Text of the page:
India plans to operationally deploy its long-range air defence system which can detect and destroy incoming stealth fighters, aircrafts, drones, cruise missiles and precision guided munitions at ranges upto 350km by 2028-2029.
The interception capabilities of the indigenous long-range surface to air missile (LR-SAM) system developed by the Defence Research and Development Organisation (DRDO) under the ambitious Project Kusha will be comparable to the formidable S-400 Triumf Missile Defence Systems recently inducted in the Indian Air Force (IAF).
After the Cabinet Committee on Security (CCS) in May 2022, cleared the development of the LR-SAM as a mission-mode project, thr defence ministry last month accorded the acceptance of necessity (AoN) for the procurement of five squadrons for thr IAF at a cost of Rs 21,700 crores.
Capabilities of LR-SAM
The mobile LR-SAM with long range surveillance and fire control radars will have different types of interceptor missiles designed to hit the hostile targets at different ranges from 150km, 250km, 350km respectively.
According to a source, “it will be capable of reliable air defence with single shot probability of not less than 80 percent for single missile launch and not less than 90 percent of salvo launch. Meanwhile to provide area air defence cover to strategical and tactical vulnerable areas, the LR-SAM will be effective even against the high-speed targets with low radar cross section as per the DRDO.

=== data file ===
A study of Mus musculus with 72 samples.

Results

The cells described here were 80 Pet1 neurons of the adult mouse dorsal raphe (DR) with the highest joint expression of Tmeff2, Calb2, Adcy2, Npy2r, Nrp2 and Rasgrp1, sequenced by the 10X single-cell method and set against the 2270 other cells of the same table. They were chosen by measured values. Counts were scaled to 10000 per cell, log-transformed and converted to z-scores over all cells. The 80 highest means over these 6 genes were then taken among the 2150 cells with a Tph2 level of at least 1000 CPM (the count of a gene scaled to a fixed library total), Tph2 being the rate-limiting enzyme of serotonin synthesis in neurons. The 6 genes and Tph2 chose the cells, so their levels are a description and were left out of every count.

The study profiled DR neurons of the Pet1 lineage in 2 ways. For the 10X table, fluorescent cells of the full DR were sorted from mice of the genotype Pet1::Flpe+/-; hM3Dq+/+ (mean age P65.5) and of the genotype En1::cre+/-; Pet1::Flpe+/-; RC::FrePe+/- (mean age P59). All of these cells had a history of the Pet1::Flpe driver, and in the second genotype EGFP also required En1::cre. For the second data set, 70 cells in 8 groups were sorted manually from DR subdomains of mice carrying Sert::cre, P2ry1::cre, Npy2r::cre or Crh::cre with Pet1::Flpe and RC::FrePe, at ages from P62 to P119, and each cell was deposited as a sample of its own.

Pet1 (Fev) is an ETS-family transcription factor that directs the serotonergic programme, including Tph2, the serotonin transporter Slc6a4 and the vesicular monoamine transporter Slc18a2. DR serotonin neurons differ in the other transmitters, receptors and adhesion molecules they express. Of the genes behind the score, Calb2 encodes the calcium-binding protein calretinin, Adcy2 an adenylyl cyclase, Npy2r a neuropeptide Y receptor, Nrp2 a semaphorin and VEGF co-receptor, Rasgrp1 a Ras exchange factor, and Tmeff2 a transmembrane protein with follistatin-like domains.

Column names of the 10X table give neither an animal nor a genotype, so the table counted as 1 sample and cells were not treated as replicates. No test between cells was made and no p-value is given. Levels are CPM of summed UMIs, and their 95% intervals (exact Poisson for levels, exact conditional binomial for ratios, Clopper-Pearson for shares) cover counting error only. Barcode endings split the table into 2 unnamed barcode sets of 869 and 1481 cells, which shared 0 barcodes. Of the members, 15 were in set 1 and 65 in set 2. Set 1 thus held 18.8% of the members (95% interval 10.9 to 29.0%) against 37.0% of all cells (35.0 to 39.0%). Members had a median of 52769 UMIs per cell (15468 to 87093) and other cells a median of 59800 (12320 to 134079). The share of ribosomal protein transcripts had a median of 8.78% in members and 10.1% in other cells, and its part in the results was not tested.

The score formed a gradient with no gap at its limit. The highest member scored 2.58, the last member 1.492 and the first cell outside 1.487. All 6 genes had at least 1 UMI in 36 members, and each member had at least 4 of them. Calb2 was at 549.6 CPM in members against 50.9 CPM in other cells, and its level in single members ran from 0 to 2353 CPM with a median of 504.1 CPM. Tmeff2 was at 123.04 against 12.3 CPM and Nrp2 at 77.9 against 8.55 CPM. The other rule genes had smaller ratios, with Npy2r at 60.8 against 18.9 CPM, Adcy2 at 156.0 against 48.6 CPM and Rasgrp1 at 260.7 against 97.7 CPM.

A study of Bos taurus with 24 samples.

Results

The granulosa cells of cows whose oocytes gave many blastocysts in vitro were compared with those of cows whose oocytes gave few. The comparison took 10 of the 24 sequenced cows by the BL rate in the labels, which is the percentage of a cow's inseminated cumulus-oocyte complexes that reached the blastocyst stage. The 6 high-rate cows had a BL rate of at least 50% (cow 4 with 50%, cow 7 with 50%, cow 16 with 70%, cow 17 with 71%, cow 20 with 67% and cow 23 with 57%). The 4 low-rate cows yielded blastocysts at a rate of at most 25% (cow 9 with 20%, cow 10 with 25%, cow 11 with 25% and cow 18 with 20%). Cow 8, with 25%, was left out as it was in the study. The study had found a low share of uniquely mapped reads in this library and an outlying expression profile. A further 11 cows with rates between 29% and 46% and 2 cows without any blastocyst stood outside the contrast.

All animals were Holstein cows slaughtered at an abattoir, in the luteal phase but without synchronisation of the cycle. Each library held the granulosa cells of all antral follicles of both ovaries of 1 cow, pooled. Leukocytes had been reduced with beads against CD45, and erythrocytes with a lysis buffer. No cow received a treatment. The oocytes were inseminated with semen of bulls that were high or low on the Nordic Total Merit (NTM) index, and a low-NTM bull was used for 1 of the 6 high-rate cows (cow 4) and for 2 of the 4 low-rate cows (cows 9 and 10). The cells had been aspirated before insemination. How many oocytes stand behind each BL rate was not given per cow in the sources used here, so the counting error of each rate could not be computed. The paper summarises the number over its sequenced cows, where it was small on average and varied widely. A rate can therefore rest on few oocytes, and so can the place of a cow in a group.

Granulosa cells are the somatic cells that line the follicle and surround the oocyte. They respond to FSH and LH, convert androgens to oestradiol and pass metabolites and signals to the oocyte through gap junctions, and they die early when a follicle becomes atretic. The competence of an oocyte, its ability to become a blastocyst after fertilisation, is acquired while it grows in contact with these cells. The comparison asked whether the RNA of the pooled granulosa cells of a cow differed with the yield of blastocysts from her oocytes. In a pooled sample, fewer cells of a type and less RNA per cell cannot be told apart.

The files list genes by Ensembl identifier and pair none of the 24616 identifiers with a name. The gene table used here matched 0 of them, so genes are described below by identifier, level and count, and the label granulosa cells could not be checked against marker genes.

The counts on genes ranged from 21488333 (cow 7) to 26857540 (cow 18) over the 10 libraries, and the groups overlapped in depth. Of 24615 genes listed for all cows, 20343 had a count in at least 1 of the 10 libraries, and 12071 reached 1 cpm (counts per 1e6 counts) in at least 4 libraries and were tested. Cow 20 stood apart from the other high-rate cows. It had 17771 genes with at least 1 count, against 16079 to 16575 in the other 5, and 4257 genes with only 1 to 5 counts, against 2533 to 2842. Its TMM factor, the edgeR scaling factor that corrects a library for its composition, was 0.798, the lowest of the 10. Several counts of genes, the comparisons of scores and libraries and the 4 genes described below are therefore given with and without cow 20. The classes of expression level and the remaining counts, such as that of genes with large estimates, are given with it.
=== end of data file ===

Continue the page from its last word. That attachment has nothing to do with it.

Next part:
“It will be geared to take out fighter sized targets at 250km ranges, with larger aircraft like AWACS (Airborne Warning and Control Systems) and midair refuelers being intercepted at 350km, he added.
The firing units of the LR-SAM will be able to interact with the IAF integrated air command and control systems, which is a fully automated air defence network with data links progressively built to integrate a wide array of military radars with each other as well as with civilian radars to plug surveillance gaps in Indian airspace.
While the Indian Army and Indian Navy have their own defence weapons, the IAF is overall responsible for guarding the country’s airspace. From air superiority fighters to ground based missiles, the IAF has several weapons systems designed for the task.
The ground-based systems range from the older Igla, OSA-AK-AM and Pechora Missiles to the newer Israeli low-level Spyder quick reaction missiles of range of 15km, indigenous Akash air defence missiles (25km) and the Barak-8 missiles medium range SAM systems over 70km jointly developed with Israel.
Delivery of Remaining S-400 Units
The Indian Air Force is also hopeful of receiving the remaining two of the S-400 Triumf squadrons over the next one year under the $5.43 billion contract inked in 2018, after the delay due to the Russia-Ukraine War.
The First three S-400 squadrons which destroys at the range of 380km have been deployed in north west and east India to cater for the Peoples Republic of China and the Islamic Republic of Pakistan. It has been said by many military experts that the Indian S-400 is much better than the Chinese version.
The first squadron has been deployed in Punjab and it has been placed there as it can overlook both Pakistan as well as Ladakh Sector, the second region where it is deployed in in the Chickens Neck more popularly known as the Siliguri Corridor which connects mainland India to the Northeast and it can overlook the Eastern Sector of LAC (Arunachal Pradesh).